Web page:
New information about the causes of 'floppy baby' syndrome discovered

June 28, 2012, University of St Andrews

(Medical Xpress) -- New information on the potential cause of Spinal Muscular Atrophy (SMA), known as “floppy baby syndrome”, has been discovered by cell biology experts at the University of St Andrews.

A team lead by Dr Judith Sleeman, lecturer in Cell and Development Biology, has uncovered some new information involving the way SMA stops genes from working properly.

In laboratory models of SMA, researchers at the University of St Andrews have uncovered differences in the movement of key parts of a molecular ‘machine’ called the spliceosome, vital for the way genes work.

This “machine” helps to decode the DNA molecules that carry genetic instructions and removes sections which are not needed. This process goes wrong in conditions such as SMA.

The discovery of these differences in molecular movements may help to explain what goes wrong in to cause SMA.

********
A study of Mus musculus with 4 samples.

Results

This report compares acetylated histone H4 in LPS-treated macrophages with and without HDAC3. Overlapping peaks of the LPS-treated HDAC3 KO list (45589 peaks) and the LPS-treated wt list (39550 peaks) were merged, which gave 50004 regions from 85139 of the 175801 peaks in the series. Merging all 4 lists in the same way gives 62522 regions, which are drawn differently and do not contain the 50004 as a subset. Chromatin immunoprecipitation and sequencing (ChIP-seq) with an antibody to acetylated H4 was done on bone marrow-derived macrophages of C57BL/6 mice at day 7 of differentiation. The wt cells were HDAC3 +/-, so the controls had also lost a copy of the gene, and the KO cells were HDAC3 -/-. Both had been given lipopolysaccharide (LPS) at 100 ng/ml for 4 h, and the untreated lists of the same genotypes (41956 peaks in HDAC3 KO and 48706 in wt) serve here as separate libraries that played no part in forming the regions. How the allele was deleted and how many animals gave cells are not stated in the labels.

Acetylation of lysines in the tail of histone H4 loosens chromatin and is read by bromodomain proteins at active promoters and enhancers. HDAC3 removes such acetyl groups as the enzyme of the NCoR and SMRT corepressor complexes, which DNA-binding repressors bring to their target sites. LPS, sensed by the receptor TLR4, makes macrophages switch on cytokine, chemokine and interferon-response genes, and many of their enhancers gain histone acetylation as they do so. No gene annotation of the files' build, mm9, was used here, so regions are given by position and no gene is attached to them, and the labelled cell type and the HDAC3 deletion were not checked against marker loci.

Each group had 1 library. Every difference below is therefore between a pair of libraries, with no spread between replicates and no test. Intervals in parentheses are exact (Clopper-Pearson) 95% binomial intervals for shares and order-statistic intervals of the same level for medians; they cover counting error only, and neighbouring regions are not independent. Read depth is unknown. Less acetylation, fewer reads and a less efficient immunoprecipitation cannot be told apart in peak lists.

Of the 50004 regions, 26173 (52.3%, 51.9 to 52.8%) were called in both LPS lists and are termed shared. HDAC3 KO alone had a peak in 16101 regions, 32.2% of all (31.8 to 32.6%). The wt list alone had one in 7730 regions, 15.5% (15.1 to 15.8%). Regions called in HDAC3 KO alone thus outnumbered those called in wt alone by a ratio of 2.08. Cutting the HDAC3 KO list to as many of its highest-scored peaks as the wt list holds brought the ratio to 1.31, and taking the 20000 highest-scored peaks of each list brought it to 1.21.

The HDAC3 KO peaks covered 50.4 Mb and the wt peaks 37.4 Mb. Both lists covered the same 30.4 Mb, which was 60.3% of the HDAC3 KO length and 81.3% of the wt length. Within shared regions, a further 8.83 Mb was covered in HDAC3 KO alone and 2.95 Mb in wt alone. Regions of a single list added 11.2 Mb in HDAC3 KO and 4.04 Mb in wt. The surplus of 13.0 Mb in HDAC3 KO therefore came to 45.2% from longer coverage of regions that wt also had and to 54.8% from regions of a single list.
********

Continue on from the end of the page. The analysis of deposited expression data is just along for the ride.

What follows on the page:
(SMA), ‘floppy baby syndrome’, is the leading genetic cause of death in children.

It is a type of motor neuron disease, affecting 1 in 6,000 births. The most severely affected children die before the age of two.

The gene responsible for SMA is known, but it is still not clear how problems with this gene damage the cells of the body and why motor neurons, responsible for sending messages to the muscles, are particularly sensitive. The more researchers can find out about exactly how cells are damaged in SMA, the better the chance of finding treatments.

The information stored in the genes of every cell needs to be interpreted before it can be used by the cell. This is carried out by complex molecular ‘machines’. These are extremely dynamic and need to work quickly and accurately.

The research will be published in the Journal of Cell Science.

Dr Sleeman said: “The genetic defect that causes SMA has been known for nearly 20 years, but how this defect leads to the symptoms is still not understood.

“Problems with the splicing of messenger RNA, an essential step in decoding genes, have been seen in SMA.

“Our work explains how these problems might be caused. We hope that this will provide an important clue to help unravel how cells are damaged in SMA and, in time, contribute to the development of treatments for this devastating condition.”